Now that Retro Gaming has been in vogue for the best part of a decade now, it still surprises me that there is limited demand for old fashioned Joysticks. From my days owning a Spectrum, through to my Amiga 1200, I owned many different types of Joystick, including the original Competition Pro (Although I must admit the Zipstick was always my favourite on the Amiga). By the mid 90s though, control pads had taken precedent along with Sega & Nintendo with their respective consoles, but for me, whilst using modern day controllers is convenient, you’re only getting half the experience using them. This is where the Speedlink Competition Pro USB Joystick comes in.
What is the Competition Pro USB Compatible with?
The good news is that the Competition Pro USB is more or less compatible with most things, even some of the more recent niche products like The C64 Mini and it’s full size counterpart. I tested the Joystick on Windows 10, Linux, Retropie on the Raspberry Pi (Linux again) and MiSTer FPGA device and it worked flawlessly across all of these platforms.
The only niggle I found in terms of compatibility was that with the Raspberry Pi (Amiga emulation specifically) the fire button defaulted to the right hand fire button which would be great for left handed folk! I suspect a quick reconfiguration with the software you are using would solve any problems you may experience, but all other platforms defaulted the primary fire button to the left as standard – Perfect! The product is also listed on the box as Windows & Android compatible, so you will be able to get full enjoyment with Android emulators too.
How is the quality and feel of the Competition Pro USB?
Whilst you are never going to please everybody, especially Retro enthusiasts(!), the quality and build of the Competition Pro joystick USB is reasonable, at least in terms of whether you play sensibly! The real test is going to be when I load up Hyper Sports or Daley Thompson’s Decathlon and see how it fares up over the long term! It has microswitches, but again, the proof will be in many years to come after it’s seen some classic 8-bit sports game abuse! For now though, I have owned it now for around 6 months and it is still working perfectly.
Speedlink appear to have launched the first version of the USB Competition Pro back in around 2007-2008 to mixed reviews. Searching the forums, it seems there are complaints around microswitch quality as well as lag in the controls with emulators. With emulation though, it is worth remembering that software emulation itself brings a certain amount of lag, but this can be accentuated by controllers with cheap components. I am glad to say that this version (which specifically is the Speedlink Anniversary Edition Competition Pro Extra USB Joystick (Model no SL-650212-BKRD) demonstrated no such issues. Whilst testing with my MiSTer FPGA on the Minimig core, the amount of lag was negligible.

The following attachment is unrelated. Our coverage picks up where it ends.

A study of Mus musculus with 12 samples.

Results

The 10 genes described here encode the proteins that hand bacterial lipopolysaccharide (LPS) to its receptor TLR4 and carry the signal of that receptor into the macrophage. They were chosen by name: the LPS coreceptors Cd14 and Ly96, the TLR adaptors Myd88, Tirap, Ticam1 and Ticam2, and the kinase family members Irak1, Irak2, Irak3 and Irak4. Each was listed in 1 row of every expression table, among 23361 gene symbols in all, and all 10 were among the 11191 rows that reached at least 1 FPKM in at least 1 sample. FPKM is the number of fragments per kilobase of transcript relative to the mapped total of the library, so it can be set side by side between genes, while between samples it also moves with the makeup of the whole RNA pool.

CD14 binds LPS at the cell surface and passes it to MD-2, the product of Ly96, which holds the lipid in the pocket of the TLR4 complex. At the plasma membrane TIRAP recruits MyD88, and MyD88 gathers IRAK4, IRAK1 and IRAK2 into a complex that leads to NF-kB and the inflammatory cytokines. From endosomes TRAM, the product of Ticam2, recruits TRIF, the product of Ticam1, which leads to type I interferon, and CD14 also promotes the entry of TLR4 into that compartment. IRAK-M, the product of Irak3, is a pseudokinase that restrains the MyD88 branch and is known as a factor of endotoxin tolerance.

There are four fire buttons, the two main fire buttons are microswitched, but this is convenient if you want to use the Joystick with other system emulations that require more than a single fire button. There is also a rapid fire switch on the base which worked absolutely fine too.
Is the Competition Pro USB Joystick Worth It?
I paid £29.99 for mine, which some say is a tad on the expensive side. But I’ve so far been very happy with my purchase and I expect I will continue to be, so as long as it stays in working order. But given that the Retro USB Joystick landscape is fairly limited, this remains reasonably good value for a good recreation of a classic joystick. Fingers crossed this will probably be the only retro USB joystick I need to review for a while!
Where to Buy the USB Competition Pro?
I would recommend looking at both Amazon & eBay, I bought mine from Amazon, primarily due to it’s immediate availability. But you will also find plenty on ebay – Although be sure to check how ‘used’ it is, if you intend to buy a used item – Ask the seller if they’ve played any Track & Field with it first!
A lifelong avid gamer and computing enthusiast, Matt has decades of experience in the field, so producing retro orientated content for How To Retro comes is second nature to him. Now over 40 years old, Matt now even considers himself retro, but fortunately, nobody has developed a Matt emulator (not yet at least!).